Report predicts demand for school vouchers will level off


A new brief from IU's Center for Evaluation and Education Policy compared voucher programs in Indiana, Ohio, Wisconsin and Louisiana and found that despite increases in the number of vouchers available, enrollment has started to level off and there are more scholarships available than students seeking them.

"They're not all being used," research associate Molly Stewart told The Herald-Times of Bloomington.

Under voucher programs, eligible recipients receive state money to send their children to private schools. Opponents argue the programs funnel public money into private—and often religious—institutions, but supporters say they give families more education choices and promote competition that can improve schools.

Families that receive vouchers must provide transportation for students. Some vouchers only cover a portion of tuition costs.

Stewart said those requirements may be contributing to a drop in interest in the programs.

She noted that Ohio has 60,000 EdChoice scholarships available, but only half are being used.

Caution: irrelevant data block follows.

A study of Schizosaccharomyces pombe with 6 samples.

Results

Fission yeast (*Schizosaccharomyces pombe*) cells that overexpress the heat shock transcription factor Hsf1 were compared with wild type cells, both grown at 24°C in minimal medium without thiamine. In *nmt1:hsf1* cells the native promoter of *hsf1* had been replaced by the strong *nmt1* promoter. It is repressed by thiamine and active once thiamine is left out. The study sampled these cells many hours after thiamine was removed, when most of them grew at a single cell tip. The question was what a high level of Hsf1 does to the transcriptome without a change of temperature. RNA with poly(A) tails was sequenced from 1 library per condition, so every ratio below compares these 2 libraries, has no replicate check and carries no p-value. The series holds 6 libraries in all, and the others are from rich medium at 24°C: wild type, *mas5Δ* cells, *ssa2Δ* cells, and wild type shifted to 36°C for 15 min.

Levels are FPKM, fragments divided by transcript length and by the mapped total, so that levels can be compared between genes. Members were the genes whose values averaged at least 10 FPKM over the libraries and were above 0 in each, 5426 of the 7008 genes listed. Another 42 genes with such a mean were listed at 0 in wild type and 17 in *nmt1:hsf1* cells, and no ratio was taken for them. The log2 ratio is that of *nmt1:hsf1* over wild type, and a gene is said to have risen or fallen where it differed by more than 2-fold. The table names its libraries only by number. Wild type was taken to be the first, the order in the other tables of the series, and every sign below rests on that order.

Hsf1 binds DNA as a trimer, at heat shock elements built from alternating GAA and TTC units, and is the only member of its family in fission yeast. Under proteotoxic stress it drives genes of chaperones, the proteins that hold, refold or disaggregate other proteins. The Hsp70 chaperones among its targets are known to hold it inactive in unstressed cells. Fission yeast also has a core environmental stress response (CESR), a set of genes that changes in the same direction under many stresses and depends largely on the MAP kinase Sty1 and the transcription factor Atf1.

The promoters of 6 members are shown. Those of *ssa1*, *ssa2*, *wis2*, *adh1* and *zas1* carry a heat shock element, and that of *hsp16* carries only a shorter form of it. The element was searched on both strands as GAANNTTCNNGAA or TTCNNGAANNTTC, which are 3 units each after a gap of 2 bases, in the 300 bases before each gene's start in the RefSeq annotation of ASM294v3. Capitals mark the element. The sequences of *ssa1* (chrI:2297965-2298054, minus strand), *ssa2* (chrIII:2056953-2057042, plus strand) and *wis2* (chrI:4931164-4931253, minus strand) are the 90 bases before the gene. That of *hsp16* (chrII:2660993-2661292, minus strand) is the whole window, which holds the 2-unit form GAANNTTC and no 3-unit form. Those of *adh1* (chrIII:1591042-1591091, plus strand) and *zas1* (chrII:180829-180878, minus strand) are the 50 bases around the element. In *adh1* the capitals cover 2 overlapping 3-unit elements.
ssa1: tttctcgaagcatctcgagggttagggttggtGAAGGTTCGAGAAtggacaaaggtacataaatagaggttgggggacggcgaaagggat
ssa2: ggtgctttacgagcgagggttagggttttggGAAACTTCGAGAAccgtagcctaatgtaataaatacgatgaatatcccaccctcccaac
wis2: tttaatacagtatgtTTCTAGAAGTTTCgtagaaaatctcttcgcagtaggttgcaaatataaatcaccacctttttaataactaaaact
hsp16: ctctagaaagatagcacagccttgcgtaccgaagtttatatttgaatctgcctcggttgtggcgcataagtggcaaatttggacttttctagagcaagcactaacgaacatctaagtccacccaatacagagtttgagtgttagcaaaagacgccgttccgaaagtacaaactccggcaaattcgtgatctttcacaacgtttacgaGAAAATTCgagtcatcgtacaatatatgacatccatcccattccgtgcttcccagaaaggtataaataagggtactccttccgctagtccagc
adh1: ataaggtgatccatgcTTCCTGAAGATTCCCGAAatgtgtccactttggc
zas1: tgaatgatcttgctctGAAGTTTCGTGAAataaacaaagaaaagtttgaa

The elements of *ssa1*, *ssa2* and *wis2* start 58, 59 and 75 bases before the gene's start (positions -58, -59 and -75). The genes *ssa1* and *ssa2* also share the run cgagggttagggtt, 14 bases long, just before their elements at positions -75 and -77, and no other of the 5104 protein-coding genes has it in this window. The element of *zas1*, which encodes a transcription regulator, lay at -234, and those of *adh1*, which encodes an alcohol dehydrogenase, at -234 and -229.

Indiana's program, which began during the 2011-2012 school year, had caps its first two years. Participation didn't reach the cap either year.

Caps were eliminated in 2013-2014, and enrollment jumped to about 20,000 students. Nearly 30,000 Indiana students are estimated to be using vouchers this school year. Last year, the state spent $81 million on the program.

Stewart said Indiana is "still figuring out where the market is" and that the state might see more shifts in participation than Ohio has.

Indiana awards two scholarships, one for 90 percent of tuition and one for 50 percent, with eligibility depending on income. The maximum income is 370 percent of the federal poverty level. The state also allows students to continue to receive vouchers even if their household income increases above the income cutoff.

Those changes have allowed more middle-class families to receive vouchers in Indiana and elsewhere. Anne-Maree Ruddy, the IU center's director for education policy and senior research associate, said this may seem to contradict some of the original justifications for voucher programs.

"A lot of programs do have origins in low-income ability," she said. "Whether that's counter to their mission is something for the legislatures to decide."

Stewart said it will be interesting to see how changes in the programs affect the political landscape going forward.

"Is the purpose to get out of a bad school and into a good one, or to allow parents to choose?" she said. "Will one be more amenable to taxpayers than the other?"